Collection Number: M218

Dates: April 1865

Volume: 3 items

Provenance: Donated by Ernest A. Walen to the University of Southern Mississippi in October 1969.

Copyright: This collection may be protected from unauthorized copying by the Copyright Law of the United States (Title 17, United States Code).

Biographical/Historical Sketch:

On December 8, 1863, President Abraham Lincoln issued a proclamation granting amnesty to all citizens of the rebellious Southern states who would take an oath of loyalty to the Union. However, the declaration of amnesty did not specify who would administer the oath to those southerners who desired to take it. On March 26, 1864, Lincoln issued another proclamation which designated "any commissioned officer, civil, military, or naval in the service of the United States" to administer the oath, as well as those persons in the territories which were "not in insurrection who were by the laws therefore qualified for administering oaths." Those persons administering the oath were required to give certificates to those persons who took the oath. Records of the administering of the oath were to be transmitted at the earliest possible time to the Secretary of State where they were to be deposited in the government for safekeeping. The Secretary of State was required to keep a register and to furnish, on request to those who qualified, certificates constructed in proper official form.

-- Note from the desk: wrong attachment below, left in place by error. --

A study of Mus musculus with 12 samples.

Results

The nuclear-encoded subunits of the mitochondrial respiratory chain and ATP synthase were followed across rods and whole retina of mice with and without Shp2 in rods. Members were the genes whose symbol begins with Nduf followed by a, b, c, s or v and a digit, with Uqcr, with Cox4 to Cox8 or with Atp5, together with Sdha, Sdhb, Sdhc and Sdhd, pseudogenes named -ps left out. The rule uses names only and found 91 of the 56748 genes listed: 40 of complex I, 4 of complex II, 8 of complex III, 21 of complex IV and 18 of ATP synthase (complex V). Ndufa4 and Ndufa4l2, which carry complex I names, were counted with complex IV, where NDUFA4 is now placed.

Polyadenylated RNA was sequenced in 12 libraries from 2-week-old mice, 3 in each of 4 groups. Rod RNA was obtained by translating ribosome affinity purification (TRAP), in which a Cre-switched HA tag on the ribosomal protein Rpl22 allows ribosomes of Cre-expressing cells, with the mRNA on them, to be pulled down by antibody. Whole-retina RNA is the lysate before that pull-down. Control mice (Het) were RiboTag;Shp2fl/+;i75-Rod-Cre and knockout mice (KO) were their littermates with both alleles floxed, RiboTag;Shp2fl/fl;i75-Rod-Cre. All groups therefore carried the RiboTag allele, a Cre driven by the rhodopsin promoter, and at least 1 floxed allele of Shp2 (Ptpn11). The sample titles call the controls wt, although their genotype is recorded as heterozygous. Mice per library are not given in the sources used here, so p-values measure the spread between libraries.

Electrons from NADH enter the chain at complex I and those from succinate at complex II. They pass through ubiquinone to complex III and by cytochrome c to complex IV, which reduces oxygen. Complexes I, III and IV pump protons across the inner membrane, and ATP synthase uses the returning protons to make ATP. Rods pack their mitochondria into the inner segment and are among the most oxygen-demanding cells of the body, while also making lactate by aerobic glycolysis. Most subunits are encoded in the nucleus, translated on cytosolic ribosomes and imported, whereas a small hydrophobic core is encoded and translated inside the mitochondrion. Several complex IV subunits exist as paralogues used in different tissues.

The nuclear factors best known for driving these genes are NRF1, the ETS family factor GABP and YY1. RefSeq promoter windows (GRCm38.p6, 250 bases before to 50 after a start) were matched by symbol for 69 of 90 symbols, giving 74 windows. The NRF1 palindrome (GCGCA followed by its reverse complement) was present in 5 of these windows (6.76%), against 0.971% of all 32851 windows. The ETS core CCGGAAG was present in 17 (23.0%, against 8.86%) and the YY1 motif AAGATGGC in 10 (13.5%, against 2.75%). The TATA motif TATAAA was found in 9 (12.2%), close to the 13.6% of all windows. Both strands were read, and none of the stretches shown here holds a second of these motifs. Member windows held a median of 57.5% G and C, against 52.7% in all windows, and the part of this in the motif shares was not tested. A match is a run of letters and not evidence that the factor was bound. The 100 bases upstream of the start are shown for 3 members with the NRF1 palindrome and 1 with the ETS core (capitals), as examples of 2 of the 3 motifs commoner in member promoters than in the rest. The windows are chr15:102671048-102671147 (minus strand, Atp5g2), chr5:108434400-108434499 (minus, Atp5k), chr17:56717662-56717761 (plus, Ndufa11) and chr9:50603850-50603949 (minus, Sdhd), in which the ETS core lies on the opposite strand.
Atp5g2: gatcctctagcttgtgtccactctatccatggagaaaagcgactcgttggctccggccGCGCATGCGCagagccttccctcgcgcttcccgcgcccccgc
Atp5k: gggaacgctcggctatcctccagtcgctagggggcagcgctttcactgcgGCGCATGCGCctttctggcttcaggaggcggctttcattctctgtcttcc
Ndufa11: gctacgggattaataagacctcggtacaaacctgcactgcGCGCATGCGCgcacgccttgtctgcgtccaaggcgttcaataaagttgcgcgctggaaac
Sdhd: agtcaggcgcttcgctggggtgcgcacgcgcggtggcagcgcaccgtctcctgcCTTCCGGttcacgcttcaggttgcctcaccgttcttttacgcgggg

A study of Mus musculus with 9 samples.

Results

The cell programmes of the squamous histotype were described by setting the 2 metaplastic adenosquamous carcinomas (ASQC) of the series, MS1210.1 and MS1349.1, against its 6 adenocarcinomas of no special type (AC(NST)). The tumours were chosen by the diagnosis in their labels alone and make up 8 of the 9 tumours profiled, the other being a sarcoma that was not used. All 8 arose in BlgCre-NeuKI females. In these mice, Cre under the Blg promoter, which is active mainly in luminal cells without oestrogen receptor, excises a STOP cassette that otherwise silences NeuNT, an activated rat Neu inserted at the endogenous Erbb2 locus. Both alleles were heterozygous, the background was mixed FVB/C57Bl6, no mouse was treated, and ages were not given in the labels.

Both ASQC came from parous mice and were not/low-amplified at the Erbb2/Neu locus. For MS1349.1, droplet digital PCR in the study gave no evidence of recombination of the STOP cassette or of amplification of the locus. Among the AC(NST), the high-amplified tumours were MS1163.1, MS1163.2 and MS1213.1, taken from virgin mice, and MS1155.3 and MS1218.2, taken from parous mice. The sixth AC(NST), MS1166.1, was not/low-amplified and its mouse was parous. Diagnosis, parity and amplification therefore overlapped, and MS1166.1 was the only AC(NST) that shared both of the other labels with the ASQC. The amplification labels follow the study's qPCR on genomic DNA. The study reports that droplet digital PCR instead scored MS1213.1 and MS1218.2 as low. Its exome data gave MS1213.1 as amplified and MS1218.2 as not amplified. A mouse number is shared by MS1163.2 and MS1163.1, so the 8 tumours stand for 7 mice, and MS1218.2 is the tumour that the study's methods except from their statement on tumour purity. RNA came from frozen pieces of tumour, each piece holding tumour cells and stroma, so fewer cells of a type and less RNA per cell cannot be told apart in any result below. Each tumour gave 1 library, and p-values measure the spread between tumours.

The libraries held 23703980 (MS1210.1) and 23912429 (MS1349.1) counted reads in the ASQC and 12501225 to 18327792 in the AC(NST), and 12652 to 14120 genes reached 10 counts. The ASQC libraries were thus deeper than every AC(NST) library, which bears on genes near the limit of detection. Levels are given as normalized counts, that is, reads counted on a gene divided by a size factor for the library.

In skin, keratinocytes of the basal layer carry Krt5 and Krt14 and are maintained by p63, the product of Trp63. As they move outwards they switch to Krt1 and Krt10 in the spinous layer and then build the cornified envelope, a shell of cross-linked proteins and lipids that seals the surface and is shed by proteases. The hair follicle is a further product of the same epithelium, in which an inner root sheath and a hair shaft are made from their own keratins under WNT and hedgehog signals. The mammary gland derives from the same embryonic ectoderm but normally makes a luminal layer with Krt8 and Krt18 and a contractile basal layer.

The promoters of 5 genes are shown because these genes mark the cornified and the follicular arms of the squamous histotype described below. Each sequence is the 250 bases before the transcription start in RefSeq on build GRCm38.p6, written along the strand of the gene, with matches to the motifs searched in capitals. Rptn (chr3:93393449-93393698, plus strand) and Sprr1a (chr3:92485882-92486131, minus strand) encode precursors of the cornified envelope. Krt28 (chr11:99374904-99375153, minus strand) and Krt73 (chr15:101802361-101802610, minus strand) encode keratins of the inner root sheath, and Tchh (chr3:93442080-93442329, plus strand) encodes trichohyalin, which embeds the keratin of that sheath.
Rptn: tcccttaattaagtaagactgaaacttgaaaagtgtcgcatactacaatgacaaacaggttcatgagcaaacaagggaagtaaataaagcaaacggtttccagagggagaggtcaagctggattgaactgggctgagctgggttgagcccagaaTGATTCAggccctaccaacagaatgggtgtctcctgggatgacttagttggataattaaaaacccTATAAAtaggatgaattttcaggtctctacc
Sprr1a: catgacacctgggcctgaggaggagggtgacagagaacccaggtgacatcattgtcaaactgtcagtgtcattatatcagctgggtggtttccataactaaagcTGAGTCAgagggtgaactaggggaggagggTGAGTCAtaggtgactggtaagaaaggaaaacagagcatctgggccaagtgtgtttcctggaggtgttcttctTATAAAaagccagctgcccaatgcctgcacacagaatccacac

The provost marshals stationed throughout the United States, and in the Southern states which had been occupied by Federal troops, were conveniently located and qualified to administer this oath. In 1863, the Provost Marshal General's office had been created to monitor the draft, oversee enlistments, and round up deserters. Provost marshals were appointed by the military commander in each Congressional district and sub-district. In order to qualify to administer the oath of enlistment to recruits, provost marshals were sworn in by the justice of the peace in their area.

The presidential proclamations of December 8 and March 26 declared that military prisoners and others held for crimes against the United States were not eligible for amnesty, but military personnel who deserted the Confederate Army and volunteered to take the oath were allowed to do so.

Scope and Content:

This collection consists of two forms from the Federal Office of Provost-Marshal, 4th District, Richmond, Virginia, April 1865. Both forms have been partially completed.

One document (blue in color) was used to certify that a prisoner of war had taken the oath prescribed by Abraham Lincoln (December 8, 1863). The second document (tan in color) was used to certify that deserters from the Confederate forces had taken the Amnesty Oath issued under the President's Proclamation (December 8, 1863). The form also exempted such persons from military service against the rebel cause. In addition, the second document contains a statement of General Orders No. 64. These orders pertained to the treatment and processing of deserters from the rebel forces. These orders were issued February 18, 1864.

Finally, a copy of President Lincoln's proclamation, referred to above, is supplied.